I hit a point last week where my life here became my real life. This might sound strange, or you might know exactly what I mean. Let me try to explain.
Up until this point, everything was new, and more importantly, everything felt temporary, like I was on some weirdly long vacation. Like I’d someday walk home to my house in Green Bay and see my mom cooking dinner instead of walking down a street, ignoring passerby looking questioningly at my face, and speaking Spanish to my host mom as she cooks dinner. My life had the potential to immediately revert back to my life in Wisconsin, and I wouldn’t be surprised at all. (In fact I’m pretty sure that is how it will feel when I do return. Going back home is always the easiest thing.)
I think I can attribute this strange feeling of temporality to the ease of connecting with my ‘other life’ in the US. Each night I spend at least a half hour on Facebook, communicating with acquaintances and friends, new and old, and an equal amount of time answering e-mails and planning future trips in Peru. I’ve realized that while being abroad the internet is more of a contradictory blessing-curse than ever. Facebook is free communication and instant updates, but it is also an endless stream of pictures and updates that can fool my mind into thinking I’m sitting at Memorial Union. Everyone feels so close, yet at the same time when I try to place myself in Wisconsin I mentally take a flight over the numerous (what, like 15?) countries of separation and I’m able to vividly feel the distance. Someone I know had a friend tell her that she shouldn’t worry about keeping in touch, but instead just live in the moment while your there. The group of students I was with immediately all agreed that no, it is necessary to keep in touch. There’s a slight anxiety that if I don’t check Facebook everyday someone I know and care about will… what? Say something clever? Post a nice picture?
After I think more critically, I realize that a lot of the information (exception: personal messages) I receive from Facebook is just everyday stuff. Not useless, but not particularly important either, especially when I have memories to make and Spanish to learn.
I would consider de-activating my Facebook, a move that usually implies to others that you’re either pretentious or courageous, or one of those rare people who actually don’t like Facebook, but then I would be paying a good amount more money to use my phone for texting here. I would infinitely prefer writing letters… except when I remember how much it costs to send a letter, and how long it takes to receive an answer that would be more relevant the next day.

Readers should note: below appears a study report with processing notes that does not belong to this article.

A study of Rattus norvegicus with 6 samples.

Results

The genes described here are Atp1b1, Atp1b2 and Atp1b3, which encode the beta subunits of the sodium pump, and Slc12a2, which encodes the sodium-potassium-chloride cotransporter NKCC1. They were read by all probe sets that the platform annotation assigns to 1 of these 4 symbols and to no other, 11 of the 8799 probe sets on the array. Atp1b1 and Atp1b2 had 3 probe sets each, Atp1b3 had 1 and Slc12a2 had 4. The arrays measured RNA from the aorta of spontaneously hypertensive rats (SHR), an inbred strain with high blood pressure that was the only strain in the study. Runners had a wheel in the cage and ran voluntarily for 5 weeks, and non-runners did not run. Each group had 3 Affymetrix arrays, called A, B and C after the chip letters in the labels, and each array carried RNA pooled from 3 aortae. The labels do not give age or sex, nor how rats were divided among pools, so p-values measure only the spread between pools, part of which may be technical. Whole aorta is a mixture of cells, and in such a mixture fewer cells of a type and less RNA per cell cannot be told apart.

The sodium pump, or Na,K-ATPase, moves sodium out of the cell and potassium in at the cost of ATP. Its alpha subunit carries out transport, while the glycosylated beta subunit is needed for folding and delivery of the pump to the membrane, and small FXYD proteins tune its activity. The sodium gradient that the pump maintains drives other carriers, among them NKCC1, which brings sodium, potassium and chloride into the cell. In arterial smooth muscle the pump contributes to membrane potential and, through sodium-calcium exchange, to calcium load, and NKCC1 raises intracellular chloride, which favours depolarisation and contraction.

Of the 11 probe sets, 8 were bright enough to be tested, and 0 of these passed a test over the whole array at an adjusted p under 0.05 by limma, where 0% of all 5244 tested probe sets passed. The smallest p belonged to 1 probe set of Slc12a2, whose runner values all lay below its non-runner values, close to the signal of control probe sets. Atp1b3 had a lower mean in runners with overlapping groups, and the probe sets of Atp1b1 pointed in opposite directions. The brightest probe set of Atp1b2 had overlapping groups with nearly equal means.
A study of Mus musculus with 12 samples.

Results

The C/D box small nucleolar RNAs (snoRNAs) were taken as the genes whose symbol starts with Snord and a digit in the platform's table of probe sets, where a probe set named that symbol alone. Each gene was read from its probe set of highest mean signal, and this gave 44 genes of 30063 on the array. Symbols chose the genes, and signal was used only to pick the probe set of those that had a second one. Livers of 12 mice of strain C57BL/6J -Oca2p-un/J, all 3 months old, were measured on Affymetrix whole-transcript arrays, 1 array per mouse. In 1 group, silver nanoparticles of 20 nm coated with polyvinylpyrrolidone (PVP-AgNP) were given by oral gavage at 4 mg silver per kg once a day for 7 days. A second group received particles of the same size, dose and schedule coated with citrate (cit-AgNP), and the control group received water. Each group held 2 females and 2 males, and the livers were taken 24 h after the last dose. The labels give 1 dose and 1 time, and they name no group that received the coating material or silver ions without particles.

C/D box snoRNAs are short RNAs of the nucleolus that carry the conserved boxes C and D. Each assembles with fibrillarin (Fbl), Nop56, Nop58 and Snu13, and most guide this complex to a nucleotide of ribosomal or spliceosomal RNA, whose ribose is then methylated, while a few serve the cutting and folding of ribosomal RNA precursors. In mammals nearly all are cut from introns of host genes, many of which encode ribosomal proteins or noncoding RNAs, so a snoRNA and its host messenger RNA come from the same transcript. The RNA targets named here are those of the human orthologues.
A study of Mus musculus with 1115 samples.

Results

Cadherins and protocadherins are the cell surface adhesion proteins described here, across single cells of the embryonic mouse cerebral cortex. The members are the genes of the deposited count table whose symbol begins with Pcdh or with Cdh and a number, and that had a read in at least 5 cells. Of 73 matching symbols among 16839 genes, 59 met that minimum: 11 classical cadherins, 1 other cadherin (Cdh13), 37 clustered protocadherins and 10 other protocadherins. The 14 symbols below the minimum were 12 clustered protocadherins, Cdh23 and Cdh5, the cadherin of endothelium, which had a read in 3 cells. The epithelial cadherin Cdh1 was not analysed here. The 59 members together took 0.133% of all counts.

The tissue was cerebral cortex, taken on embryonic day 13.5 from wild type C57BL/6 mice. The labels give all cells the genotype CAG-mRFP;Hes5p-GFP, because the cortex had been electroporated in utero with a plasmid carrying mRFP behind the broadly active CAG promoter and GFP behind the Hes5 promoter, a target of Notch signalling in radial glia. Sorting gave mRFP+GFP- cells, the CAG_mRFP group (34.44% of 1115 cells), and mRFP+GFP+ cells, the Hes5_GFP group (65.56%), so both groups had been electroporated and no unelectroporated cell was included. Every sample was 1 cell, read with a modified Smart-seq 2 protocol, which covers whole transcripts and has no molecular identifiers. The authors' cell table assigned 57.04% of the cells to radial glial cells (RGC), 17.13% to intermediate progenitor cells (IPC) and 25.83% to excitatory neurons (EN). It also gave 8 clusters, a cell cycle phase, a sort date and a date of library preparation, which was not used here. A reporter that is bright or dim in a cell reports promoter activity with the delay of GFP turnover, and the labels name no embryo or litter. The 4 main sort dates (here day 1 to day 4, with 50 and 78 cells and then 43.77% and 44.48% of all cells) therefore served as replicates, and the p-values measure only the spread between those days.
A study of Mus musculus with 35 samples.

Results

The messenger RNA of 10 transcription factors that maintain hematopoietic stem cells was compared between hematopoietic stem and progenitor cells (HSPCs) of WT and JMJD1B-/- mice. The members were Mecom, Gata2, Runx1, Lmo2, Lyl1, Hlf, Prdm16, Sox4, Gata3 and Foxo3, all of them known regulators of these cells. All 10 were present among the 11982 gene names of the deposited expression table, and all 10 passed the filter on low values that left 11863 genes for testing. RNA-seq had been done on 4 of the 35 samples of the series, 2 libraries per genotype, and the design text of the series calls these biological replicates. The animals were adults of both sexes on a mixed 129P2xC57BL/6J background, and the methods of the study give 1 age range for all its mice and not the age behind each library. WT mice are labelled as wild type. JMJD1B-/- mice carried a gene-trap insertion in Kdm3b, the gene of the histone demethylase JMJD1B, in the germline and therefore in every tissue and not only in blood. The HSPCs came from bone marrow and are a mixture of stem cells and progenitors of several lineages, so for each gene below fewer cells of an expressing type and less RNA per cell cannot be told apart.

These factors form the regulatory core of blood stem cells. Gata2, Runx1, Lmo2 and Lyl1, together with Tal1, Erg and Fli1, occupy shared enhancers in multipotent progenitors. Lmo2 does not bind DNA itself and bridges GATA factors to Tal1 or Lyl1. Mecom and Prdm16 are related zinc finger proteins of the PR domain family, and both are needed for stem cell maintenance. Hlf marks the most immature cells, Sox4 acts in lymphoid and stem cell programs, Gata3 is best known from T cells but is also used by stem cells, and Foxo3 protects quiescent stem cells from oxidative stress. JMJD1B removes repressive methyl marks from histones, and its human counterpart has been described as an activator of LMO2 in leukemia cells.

So my life continued on like this, one foot in America, and one foot in Lima, my mind frequently kidnapped by some random memory of home just to be called back to the present by a question posed in Spanish. Then parciales (midterms) came along and I realized that the semester is half over. I’ve gone to about fifteen percent of the places I wanted to go and spoken about fifty percent of the Spanish I thought I’d be speaking. My ambitious gears kicked in and my life here became present. My dad sent me a card for my birthday in September that contained one line of advice. He told me, “Don’t be an American living in Peru.” At the time, I was like, “well, of course I won’t… I’m living with a host family, I’ll be taking classes in Spanish, it’s full immersion!”
I was wrong. It’s easy to be an American anywhere, especially in the places in Lima I’m usually at like Miraflores or the university campus. I am an American and it is my natural state. And I always revert back to it. On another level, I’ve realized that it will always be easier for me to revert back to my natural state of being somewhat shy and reserved, anywhere I go. If I don’t like to enter a room full of strangers in the US, how about trying the same thing in a different language, in a different hemisphere?
Each day presents many opportunities in which I must leave my comfort zone, both cultural and personal. I don’t necessarily want to go back to the Magdalena market in apprehension that the storeowner who made me feel uncomfortable might be working again. I don’t necessarily want to present in Spanish in front of a class of native speakers. I’d much rather study at Starbucks than a Peruvian café because I know it will be exactly the same comforting environment as Starbucks in the US.
But if I don’t do these things, I might never have the opportunity again. Of course I knew this, and I know this now. But amongst in the everyday worries of life the bigger picture often gets lost. Among the lost hours of planning future trips, reading endless lecturas, and travelling by micro are a few moments of realization that “I am here, in Peru!” and again my desire to take full advantage of my study abroad experience is renewed.